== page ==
Secondment of staff: The Court of Justice of the European Union takes a position on VAT matters
Luc Lamy of Tax Consult in Brussels explains:
According to a recent judgement, the Court of Justice of the European Union confirmed that the re-invoicing of the costs of an employee that a company places at the disposal of one of its subsidiaries in capacity of “manager” has to be considered as a transaction subject to VAT.
In accordance with the VAT legislation, the secondment of a director to a subsidiary in return for payment of an amount of money is a legal relationship in which reciprocal services are exchanged. The Court consequently states that this transaction is taxable from a VAT perspective, first, even if local VAT or local tax legislation might suggest a different rule and, second, even if the amount of the amount paid is equal to, greater than or less than the costs incurred.
Limited to the request of the applicant, the Court does not rule on the question of the retrocession of remuneration of a member of the boards of directors. This is the case when, for example, an individual is appointed director in another company or subsidiary. Although similar in appearance, the situation is nevertheless (totally) different since the legal relationship is no longer between two companies but between an individual and a company. The retrocession of the remuneration of the members of the boards of directors would therefore not be subject to VAT, considering this transaction as outside the VAT scope. Based on the legal doctrine, arguments exist to defend the position that such a retrocession is not subject to VAT.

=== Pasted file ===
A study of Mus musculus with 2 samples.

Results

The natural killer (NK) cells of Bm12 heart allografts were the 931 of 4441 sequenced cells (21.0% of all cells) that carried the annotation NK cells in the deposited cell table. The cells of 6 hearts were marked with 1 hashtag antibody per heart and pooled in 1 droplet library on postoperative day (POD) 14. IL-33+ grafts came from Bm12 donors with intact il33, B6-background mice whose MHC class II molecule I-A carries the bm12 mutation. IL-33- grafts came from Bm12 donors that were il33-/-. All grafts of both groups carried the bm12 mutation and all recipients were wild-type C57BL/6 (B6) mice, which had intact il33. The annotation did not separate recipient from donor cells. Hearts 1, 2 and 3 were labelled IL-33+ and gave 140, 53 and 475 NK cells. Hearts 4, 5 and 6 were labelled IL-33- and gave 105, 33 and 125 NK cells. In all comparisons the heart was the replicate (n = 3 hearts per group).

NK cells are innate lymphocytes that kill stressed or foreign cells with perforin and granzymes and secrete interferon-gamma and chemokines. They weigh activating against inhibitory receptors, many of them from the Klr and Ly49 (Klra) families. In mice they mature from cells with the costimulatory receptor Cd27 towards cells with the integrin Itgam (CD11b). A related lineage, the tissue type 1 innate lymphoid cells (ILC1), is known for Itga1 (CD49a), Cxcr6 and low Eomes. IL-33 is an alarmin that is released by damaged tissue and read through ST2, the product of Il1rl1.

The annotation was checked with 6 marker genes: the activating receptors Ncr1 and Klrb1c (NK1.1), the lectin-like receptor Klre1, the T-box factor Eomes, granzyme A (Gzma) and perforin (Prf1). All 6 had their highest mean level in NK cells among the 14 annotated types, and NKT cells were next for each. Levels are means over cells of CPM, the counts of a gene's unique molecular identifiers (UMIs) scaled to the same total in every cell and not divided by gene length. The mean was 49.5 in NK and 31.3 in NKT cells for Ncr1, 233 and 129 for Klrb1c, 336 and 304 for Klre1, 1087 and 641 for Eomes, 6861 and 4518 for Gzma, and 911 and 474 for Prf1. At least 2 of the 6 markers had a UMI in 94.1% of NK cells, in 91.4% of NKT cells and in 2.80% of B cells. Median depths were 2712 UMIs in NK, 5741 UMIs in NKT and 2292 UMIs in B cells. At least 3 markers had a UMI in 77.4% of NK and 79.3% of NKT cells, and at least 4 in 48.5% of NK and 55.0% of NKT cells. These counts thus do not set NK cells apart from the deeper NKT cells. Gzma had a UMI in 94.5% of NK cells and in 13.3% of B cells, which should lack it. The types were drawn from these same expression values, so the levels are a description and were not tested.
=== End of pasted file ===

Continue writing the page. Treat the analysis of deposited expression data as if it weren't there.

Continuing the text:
Furthermore, even if the question is not covered by the judgment either, the Court seems to defend de facto the existence of fixed establishment for subsidiaries and, potentially, for foreign branches. In other words, such entities should have their own existence from a VAT perspective in the countries where they are located.
In conclusion, this judgment, which is by no means insignificant, suggests important consequences in terms of optimization and more particularly in terms of cash flow. On the one hand, the secondment of a person within a subsidiary, in an appropriate manner, could make it possible to avoid prefinancing VAT by considering this transaction outside the scope of the tax. On the other hand, the existence of a permanent establishment abroad could also avoid pre-financing of VAT on cross-border transactions. As with any optimization measure, a study of the context and the situation in each individual case is necessary to define as accurately as possible the advantage which the company could enjoy. We therefore remain at your disposal to foresee any measure that could be valuable to your company's cash flow.